German general takes helm of Allied Joint Force Command Brunssum
German Gen. Wolf Langheld, left, and U.S. Adm. James G. Stavridis salute while passing a formation of NATO troops during a ceremony in which Langheld handed over command of NATO's Allied Joint Force Command Brunssum.
BRUNSSUM, Netherlands — German Gen. Hans-Lothar Domröse assumed command of NATO’s Allied Joint Force Command Brunssum Friday in a ceremony that drew two of America’s top military officers and representatives from all 28 alliance nations.
The command is getting ready to hand over responsibility as NATO’s response force to its sister command in Naples, Italy, but will continue serving as the higher headquarters for the alliance’s International Security Assistance Force mission in Afghanistan.
That mission is commanded by American Marine Gen. John R. Allen, who flew from Afghanistan for the ceremony.
The change of command was presided over by the man Allen was earlier named to replace as the next supreme allied commander Europe, U.S. Adm. James G. Stavridis. Allen’s nomination to that post is on hold pending the outcome of an investigation that has already led to the downfall of Allen’s predecessor in Afghanistan, now-retired Gen. David Petraeus.
None of that was brought up at Friday’s ceremony, which seemed like a going-away party for Domröse’s predecessor, German Gen. Wolf Langheld.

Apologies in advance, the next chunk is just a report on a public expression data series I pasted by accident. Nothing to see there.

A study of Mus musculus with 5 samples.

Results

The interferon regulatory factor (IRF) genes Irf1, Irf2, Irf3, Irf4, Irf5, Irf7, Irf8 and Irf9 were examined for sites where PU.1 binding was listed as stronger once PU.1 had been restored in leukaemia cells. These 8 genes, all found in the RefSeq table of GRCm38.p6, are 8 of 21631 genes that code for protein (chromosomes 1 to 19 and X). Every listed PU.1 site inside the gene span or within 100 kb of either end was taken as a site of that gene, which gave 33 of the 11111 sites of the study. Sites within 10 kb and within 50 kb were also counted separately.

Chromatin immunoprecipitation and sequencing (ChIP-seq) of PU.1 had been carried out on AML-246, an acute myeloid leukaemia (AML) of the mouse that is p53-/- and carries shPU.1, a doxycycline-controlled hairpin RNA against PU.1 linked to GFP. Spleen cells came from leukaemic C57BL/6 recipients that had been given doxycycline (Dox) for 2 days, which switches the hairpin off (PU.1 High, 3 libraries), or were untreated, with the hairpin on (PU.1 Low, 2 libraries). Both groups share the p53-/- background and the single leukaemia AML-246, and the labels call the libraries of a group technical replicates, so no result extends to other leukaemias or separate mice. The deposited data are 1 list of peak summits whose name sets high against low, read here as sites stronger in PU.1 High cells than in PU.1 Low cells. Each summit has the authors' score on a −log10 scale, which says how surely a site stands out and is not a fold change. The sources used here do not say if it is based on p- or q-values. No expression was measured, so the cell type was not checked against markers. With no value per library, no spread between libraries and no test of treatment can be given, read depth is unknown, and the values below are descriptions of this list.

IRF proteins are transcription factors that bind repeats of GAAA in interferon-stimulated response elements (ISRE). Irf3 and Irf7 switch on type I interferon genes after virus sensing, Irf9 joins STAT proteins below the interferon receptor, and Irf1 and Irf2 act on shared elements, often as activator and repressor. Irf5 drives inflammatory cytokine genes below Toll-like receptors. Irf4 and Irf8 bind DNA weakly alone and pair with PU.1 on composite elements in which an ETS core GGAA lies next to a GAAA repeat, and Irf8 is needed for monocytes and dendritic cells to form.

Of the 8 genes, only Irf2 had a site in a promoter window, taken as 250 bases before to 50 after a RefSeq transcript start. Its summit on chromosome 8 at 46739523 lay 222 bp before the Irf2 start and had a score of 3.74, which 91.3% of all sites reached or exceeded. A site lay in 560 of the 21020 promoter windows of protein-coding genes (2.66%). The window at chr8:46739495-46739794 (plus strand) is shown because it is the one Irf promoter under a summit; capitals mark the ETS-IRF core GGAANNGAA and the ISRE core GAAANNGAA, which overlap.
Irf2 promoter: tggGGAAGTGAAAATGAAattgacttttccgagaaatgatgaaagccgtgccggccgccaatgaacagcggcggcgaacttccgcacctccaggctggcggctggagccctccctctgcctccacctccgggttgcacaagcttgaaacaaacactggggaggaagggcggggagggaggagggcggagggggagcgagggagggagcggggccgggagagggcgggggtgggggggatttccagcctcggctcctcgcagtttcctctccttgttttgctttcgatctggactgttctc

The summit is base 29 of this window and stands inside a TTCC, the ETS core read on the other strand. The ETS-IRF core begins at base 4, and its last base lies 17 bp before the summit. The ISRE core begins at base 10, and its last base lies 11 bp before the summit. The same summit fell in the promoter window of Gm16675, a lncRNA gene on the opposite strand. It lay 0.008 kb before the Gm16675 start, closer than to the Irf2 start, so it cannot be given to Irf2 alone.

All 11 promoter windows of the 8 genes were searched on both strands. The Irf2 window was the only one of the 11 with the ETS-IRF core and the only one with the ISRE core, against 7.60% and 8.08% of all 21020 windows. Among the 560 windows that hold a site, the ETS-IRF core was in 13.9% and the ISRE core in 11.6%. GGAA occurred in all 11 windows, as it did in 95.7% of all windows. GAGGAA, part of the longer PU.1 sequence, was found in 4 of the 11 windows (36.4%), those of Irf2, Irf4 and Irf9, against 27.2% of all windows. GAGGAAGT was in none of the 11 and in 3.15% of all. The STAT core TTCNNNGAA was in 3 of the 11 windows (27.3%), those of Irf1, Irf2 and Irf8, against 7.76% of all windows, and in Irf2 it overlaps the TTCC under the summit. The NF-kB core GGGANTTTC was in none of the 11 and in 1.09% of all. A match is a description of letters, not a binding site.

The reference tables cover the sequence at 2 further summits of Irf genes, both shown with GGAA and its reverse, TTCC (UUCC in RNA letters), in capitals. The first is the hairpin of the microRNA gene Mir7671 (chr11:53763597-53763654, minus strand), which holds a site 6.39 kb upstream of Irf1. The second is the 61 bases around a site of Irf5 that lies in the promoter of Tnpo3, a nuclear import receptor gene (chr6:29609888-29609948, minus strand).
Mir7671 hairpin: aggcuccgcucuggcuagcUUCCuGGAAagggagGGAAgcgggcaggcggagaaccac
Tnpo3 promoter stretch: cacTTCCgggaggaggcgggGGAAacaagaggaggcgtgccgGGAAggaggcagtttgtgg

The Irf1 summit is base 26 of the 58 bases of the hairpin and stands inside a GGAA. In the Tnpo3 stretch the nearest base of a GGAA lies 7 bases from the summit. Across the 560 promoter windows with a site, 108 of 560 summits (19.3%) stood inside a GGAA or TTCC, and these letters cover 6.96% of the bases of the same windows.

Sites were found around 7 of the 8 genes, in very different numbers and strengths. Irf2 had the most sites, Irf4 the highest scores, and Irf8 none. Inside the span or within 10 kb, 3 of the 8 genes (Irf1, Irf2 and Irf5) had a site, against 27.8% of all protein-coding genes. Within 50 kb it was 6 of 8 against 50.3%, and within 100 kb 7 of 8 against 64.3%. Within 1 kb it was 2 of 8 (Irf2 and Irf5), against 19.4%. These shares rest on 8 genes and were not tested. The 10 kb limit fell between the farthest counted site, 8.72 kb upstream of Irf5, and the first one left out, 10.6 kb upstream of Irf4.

In remarks during the handover, Stavridis praised Langheld, who commanded JFC Brunssum for more than two years, with responsibility for NATO’s Baltic air policing mission and building relationships with non-NATO nations in northern Europe.
His biggest job, though, Stavridis said, was overseeing the alliance’s operations in Afghanistan during a period that included both the U.S. surge and subsequently a major reduction in ground troops in Afghanistan.
Stavridis noted that during Langheld’s tenure, civilian casualties in Afghanistan declined 60 percent, while Afghan forces have built up to nearly their planned end-strength of just over 350,000.
“We all consider that our job in the end is to protect the people of Afghanistan; I know he is particularly proud of that,” Stavridis said.
The command was Langheld’s last, capping a 42-year career he started as a conscript in a German armored brigade in 1971.
“You can imagine when you set out on a military career … you cannot realistically plot the course to a four-star general,” Langheld said. “Thus, this humble infantry officer, which is the Army’s equivalent for a simple sailor as you all know, finds himself in a position where his success has exceeded his expectations.”
Domröse did not speak during the ceremony, which took place under cloudy skies outside the JFC International Conference Center near the command’s headquarters. But Domröse, who served a year as chief of staff of NATO’s ISAF mission in Afghanistan from 2008 to 2009, appeared to listen intently as Stavridis laid out his expectations for the new commander.
“I’d like you to continue the terrific work of Wolf in Afghanistan as job one, and I know John Allen is applauding that behind me,” Stavridis said as Allen watched from a seat in the audience.
Stavridis also charged Domröse with thinking about how NATO’s response force can be used in Afghanistan after the end of combat operations in 2014 and with expanding the alliance’s partnerships with non-NATO nations in northern Europe.
“I think there’s money to be made focusing on regional connection up here,” Stavridis said.